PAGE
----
Apocynum sibiricum (Clasping Dogbane)

Plant Info
Also known as: Prairie Dogbane
Family:Apocynaceae (Dogbane)
Life cycle:perennial
Habitat:part shade, sun; moist soil, ditches, along roads, prairies
Bloom season:June - August
Plant height:1 to 4 feet
Wetland Indicator Status:none
MN county distribution (click map to enlarge):Minnesota county distribution map
National distribution (click map to enlarge):National distribution map


Flower: Flower shape: 5-petals Flower shape: tubular Cluster type: flat Cluster type: round

[photo of flowers] Clusters of ¼-inch or smaller tubular or bell-shaped flowers. Individual flowers have 5 white, greenish or yellowish petals, fused at the base, the lobes erect or flaring. One plant usually has several clusters, at the top of the plant and at the end of branching stems in the upper part of the plant. The center, terminal flowers in the cluster open first. The clusters start out round then spread out to a broader, more flattened cluster.

Leaves and stem: Leaf attachment: opposite Leaf type: simple

[photo of leaves] Leaves are generally oval with a sharply pointed tip, rounded or heart-shaped at the base, 2 to 6 inches long and to 2½ inches wide with smooth edges and white or cream colored veins. Leaves are mostly stalkless or with a minute stalk (especially on upper leaves), usually clasping the stem with the rounded leaf bases overlapping on the leaf pairs. The underside of the leaves is sometimes slightly hairy. Stems are typically hairless and reddish brown and exude a milky sap when broken The leaves and stem can have a waxy feel to them.

Fruit: Fruit type: capsule/pod

[photo of fruit] Fruit is a pair of hanging, slender, slightly curved pods 4 to 8 inches long. Inside are small brown seeds with a tuft of white hair to carry them off in the wind.


Clasping Dogbane and the related Indian Hemp (Apocynum cannabinum) are very similar, the only noticeable difference is the latter typically has longer stalked leaves (but not always!). Clasping Dogbane may also grow up to 4 feet tall but is often 2 to 3 feet. In some references, Apocynum sibiricum is considered the same species as Apocynum cannabinum, but Flora of North America, our definitive reference, treats them as separate species.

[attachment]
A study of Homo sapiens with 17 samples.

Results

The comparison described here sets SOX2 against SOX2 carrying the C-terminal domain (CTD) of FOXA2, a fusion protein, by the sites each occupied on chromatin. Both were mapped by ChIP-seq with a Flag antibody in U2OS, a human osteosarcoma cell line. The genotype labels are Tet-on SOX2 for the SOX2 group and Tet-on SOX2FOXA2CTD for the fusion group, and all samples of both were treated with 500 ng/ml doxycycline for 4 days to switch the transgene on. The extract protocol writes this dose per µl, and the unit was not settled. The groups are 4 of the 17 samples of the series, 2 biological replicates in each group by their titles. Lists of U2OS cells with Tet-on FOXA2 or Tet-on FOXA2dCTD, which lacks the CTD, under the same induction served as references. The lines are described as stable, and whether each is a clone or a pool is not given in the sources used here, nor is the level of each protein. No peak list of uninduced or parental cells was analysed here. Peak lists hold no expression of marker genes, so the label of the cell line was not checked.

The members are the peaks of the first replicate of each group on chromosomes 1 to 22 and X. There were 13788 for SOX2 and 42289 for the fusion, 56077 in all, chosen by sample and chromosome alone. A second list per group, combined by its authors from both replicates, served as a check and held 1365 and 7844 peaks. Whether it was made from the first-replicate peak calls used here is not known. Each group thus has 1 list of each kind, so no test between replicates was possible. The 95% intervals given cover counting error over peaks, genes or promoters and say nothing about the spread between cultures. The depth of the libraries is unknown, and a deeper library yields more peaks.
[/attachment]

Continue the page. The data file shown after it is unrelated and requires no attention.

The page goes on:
Photos by K. Chayka taken at Long Lake Regional Park, New Brighton. Photos courtesy Peter M. Dziuk taken in Polk, Douglas and Anoka counties.


Have you seen this plant in Minnesota, or have any other comments about it?

Posted by: Nancy - Becker County by Sivertson Lake boat ramp
on: 2015-06-26 19:47:41

Saw clasping dogbane for the first time today close to the water by the boat landing on Sivertson Lake. The flowers were just opening. Lovely!

Posted by: Mary - Champlin MN
on: 2017-06-18 19:23:52

I have several stands in my gardens for >20 years. It is fragrant, a bit like the Japanese tree lilac which is also in bloom at this time. It is very tough and invasive and require's yearly digs to keep it in bounds..

Posted by: Connie K - Minneapolis, Lake of the Isles
on: 2017-06-30 10:21:33

Plentiful on the Lake's west side this June.

Posted by: Tim Johnson - Crow-Hassan Park Reserve
on: 2018-06-05 16:38:01

Growing on restored prairie along dirt road.

Posted by: Nadine Thiel - Grant county
on: 2018-07-15 18:44:31

Northwestern Grant county along the roadside.

Posted by: Joan Lubitz - Marshall county, New Solem township
on: 2019-07-21 22:47:03

This area was planted with a native seed mixture for CRP. Can’t find the original seed mixture info. This field was planted about 5 years ago.

Posted by: Casey vanderBent - Lake Saint Croix Beach
on: 2020-06-20 17:53:17

Veritable explosion of this plant in our area this year, both in a boggy area near the Saint Mary's Point Park and along Saint Croix Trail South, along the bike path.

Posted by: K. Chayka
on: 2020-06-20 19:00:07

Casey, more likely you have its relative, Indian hemp.

Posted by: Terry O'Brien - Suomi, north of Deer River
on: 2022-07-29 23:36:46

In the ditch at the Bowstring River outlet from Little Bowstring Lake, on the west side of Alder Road.